Wisdom in Washington. Really.
Defense spending continues a steady decline. In the mid-50’s, defense spending claimed a little over 10% of GDP, and today it’s down around 4% of GDP. The tide is going out, and has been for decades.
A big part of that spending relates to military logistics. The military has to stockpile weapons and supplies to be ready to go to war – that’s warehousing. The military has to feed and equip troops – that’s commercial shipping.
Reality is reality. As any commercial company dealing in military logistics knows, the market is shrinking, and it has been since the end of the Korean War. Deal with it.
What’s changing is how many companies are dealing with it. They’ve reached a tipping point, and many are walking away from the military business. A shrinking market combined with steadily growing government oversight is chasing many companies out the door.
In a letter sent this past September to Secretary of Defense Ash Carter, Senator John McCain wrote, “We both agree that one of our nation’s greatest national security challenges is the maintenance of our defense technological dominance in the coming decades. Unfortunately, the U.S. defense establishment no longer dominates the development of many vitally needed technologies. This is, in large part, because commercial and global research and development (R&D) efforts have dwarfed DOD’s investments in these areas, and because our defense acquisition system too often serves to repel, rather than attract, our most innovative commercial firms.”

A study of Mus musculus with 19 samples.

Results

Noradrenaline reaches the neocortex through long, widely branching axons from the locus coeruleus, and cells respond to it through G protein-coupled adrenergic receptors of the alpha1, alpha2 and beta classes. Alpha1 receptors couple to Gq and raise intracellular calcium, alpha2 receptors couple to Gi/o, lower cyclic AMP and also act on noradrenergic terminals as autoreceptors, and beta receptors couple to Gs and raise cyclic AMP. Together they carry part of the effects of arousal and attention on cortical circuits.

While I don’t always agree with the Senator, in this case I can’t argue with his grasp of business. The DoD is trying to address their market contraction issues with additional regulation, further stifling an already difficult landscape.
Without investment, markets die. According to a recent editorial in National Defense Magazine, the total R&D for the top four defense contractors is about a quarter of what Google alone spends in R&D each year. I didn’t check their math, but Sandra Irwin is pretty reputable so I’ll take her at her word.
There is smart money, and it’s not being invested in defense. It’s going to Google, going to Silicon Valley, going to places where creativity is free to run.
It would be nice if Ash Carter took Senator McCain’s words to heart, and reversed course. Dr. Carter did, after all, establish a DoD beachhead in Silicon Valley, to try to tap into all the Valley has to offer (see “A reality check for defense ambitions: do they understand what it means to run with the bulls in Silicon Valley”).
Be honest with yourself, Dr. Carter. If you want to run with the wolves, you have to be a wolf. That means the solution is to reduce regulation for defense contractors, not increase it.
As my father used to say, “If wishes were horses then beggars would ride.” While we can hope that the Pentagon backs off, don’t hold your breath. There will continue to be constriction, companies will continue to exit, and those of us who remain are going to feel the squeeze.
So, what do we do with the lemons that the Pentagon is sending our way? As the DoD further distorts markets, they’ll create what economists call externalities and what guys like me call opportunities.
Give me a lemon, and I’ll find some sugar and make the lemonade.